Florida

April 6-11, 2006
[Photos]

It has been my experience that when a park map has "Osprey Trail" marked on it, it means there might be a view of a man-made platform on top of a pole, on which may or may not be an osprey nest, with perhaps another platform visible way off in the distance. With that mindset I had no great expectations as I hiked down the Osprey Trail at Honeymoon Island State Park in Dunedin, Florida near Tampa. An hour later I was trying to decide how high to place Honeymoon Island on my Top 12 Favorite Places. I expanded the list to 13 places and slotted Honeymoon Island at #5.

Osprey
Honeymoon Island Osprey

There aren't a couple of nesting osprey in the park, there are dozens. The nests are not on artificial platforms, they are built in trees. And best of all, the birds are not the least bit skittish when an earthbound human with a camera walks by. I did two loops around the trail one afternoon, and any future trips to Florida will have to include a swing by Honeymoon Island.

I flew into Orlando Thursday evening, and my first excursion on Friday was a return visit to a place already on my favorite places list, the St. Augustine Alligator Farm. Birds feel safe nesting above the alligator pools because the gators keep away egg stealers such as raccoons. When I was there in late March a few years ago, the eggs hadn't started to hatch yet. This time, there were a number of young egrets squawking for food. There also were a lot more nesting wood storks this time.

Saturday I stopped in at the Merritt Island National Wildlife Refuge adjoining the Kennedy Space Center. It seemed very dry and there weren't many wading birds along the wildlife drive. Based on what I saw a few years ago, December is probably a better time to visit. I hiked the short trail behind the visitor center and saw a screech owl poking its head out of a nest box. It was the first time I've seen an owl in the wild. Further down the boardwalk a fellow from Maine pointed out a vireo nest swinging from a very thin branch. The beak and eye of the nesting bird could be seen poking out the top. That afternoon I headed to Tampa for the remainder of my brief vacation.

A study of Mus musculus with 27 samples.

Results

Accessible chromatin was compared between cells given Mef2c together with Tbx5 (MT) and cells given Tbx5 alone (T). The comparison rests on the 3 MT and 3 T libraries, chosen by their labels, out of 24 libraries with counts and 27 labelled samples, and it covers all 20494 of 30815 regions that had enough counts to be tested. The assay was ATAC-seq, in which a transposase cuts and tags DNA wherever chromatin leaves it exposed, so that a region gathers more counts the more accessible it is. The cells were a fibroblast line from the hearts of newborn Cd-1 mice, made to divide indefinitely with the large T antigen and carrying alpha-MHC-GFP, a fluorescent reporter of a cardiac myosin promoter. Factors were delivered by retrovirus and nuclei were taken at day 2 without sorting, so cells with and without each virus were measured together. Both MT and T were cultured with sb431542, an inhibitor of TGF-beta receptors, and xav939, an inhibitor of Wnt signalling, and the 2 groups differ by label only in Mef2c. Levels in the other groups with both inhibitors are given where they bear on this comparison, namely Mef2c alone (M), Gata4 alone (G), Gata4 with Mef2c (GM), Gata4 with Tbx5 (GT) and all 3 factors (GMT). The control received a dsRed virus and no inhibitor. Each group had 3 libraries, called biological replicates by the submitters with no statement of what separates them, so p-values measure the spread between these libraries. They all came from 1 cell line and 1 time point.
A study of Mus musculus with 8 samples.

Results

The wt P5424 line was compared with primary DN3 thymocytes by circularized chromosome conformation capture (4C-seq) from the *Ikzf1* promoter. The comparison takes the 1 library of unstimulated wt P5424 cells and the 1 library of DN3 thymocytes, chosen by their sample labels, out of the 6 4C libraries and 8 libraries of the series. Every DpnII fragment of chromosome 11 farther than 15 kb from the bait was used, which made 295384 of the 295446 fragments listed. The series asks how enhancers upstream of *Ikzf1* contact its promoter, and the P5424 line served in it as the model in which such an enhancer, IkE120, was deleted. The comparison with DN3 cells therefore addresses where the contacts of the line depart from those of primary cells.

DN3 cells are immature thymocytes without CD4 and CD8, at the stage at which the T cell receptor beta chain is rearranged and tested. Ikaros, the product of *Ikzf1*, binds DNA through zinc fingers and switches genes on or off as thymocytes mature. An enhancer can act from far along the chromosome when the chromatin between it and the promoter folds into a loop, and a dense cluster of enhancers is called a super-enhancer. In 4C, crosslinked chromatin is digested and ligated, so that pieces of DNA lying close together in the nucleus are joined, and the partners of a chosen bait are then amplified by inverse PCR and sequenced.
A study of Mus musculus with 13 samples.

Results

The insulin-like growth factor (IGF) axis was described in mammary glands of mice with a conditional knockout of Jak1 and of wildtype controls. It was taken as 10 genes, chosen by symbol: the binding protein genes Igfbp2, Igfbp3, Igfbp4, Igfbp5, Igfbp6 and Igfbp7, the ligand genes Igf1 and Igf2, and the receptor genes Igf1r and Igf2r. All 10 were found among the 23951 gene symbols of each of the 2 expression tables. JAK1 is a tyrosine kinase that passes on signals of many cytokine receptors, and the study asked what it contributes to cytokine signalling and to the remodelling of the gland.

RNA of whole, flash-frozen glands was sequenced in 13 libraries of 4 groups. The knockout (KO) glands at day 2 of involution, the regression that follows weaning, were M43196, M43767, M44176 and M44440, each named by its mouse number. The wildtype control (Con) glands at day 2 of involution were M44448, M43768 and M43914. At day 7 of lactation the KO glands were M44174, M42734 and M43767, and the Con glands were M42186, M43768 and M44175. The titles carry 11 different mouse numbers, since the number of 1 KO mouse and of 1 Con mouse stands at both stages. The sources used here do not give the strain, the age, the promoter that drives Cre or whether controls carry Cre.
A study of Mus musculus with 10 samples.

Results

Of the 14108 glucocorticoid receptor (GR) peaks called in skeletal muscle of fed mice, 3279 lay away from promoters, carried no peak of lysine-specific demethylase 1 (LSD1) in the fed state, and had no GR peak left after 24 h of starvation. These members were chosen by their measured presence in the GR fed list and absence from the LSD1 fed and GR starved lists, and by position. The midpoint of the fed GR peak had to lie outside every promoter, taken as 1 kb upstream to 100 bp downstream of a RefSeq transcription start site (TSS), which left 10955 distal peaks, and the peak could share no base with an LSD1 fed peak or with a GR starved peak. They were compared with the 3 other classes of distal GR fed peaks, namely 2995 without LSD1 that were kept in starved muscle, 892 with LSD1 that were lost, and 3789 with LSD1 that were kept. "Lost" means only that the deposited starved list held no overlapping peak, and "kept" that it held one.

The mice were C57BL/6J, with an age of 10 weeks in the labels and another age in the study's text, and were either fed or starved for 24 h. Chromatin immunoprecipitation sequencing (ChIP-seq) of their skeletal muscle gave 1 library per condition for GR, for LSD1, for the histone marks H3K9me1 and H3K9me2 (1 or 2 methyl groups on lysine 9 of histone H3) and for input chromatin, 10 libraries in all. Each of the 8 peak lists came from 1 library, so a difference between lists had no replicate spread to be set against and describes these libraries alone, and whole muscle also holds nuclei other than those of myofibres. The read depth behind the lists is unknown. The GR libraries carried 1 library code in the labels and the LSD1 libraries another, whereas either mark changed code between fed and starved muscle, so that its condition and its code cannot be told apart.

Sunday I headed down I-75 to Venice in search of an Audubon rookery. The directions I had hadn't been updated since Florida changed its Interstate exit numbers several years ago, so I got off at the wrong exit and ended up lost in downtown Venice. I saw a real estate office with an "Agent on Duty" sign, so stopped in and asked for a city map. The Realtor was very helpful even though it was obvious I wasn't there to buy a house, so I'll put in a plug for his company: For all your real estate needs in the Venice area, see the friendly folks at Michael Saunders & Company.

Egret
Gator Farm Egret

The rookery turned out to be a small island in the middle of a small pond. I should mention that during each day of this trip my photo shooting didn't begin before 10:30, and I was on my way back to the hotel long before sunset. Arthur Morris would not approve. Morris is a fairly famous bird photographer under contract to Canon, and his photos are used in the Venice Rookery brochure. The best light for nature photography is during the hours just after sunrise and just before sunset, so he wouldn't be hanging around the rookery during the harsh light of noon to cast a disapproving eye. To avoid being turned away from the nature photography corps, I'll call my efforts of the week a scouting trip rather than a nature shoot.

Monday was my tour of Honeymoon Island. In addition to the osprey, the other highlight was a great horned owl nest. Two youngsters could be seen poking their heads out, and an adult was lurking nearby in a pine tree. The mature owl was in shade and I didn't get a great shot, but through binoculars the thing looked like a huge fuzzy barrel sitting on a branch. The park guy said the owl stole the nest from some osprey this year, so they had to build a new nest a few trees over. Also on the trail I saw one bald eagle, several tortoises, and lots of colorful little birds flitting around. A birder would probably have a good time on the island even without the big raptors.

Even though my trip to Florida was just a brief scouting trip, I came away with quite a few photos that suggest what I might be able to get when I can show up at the appropriate hour.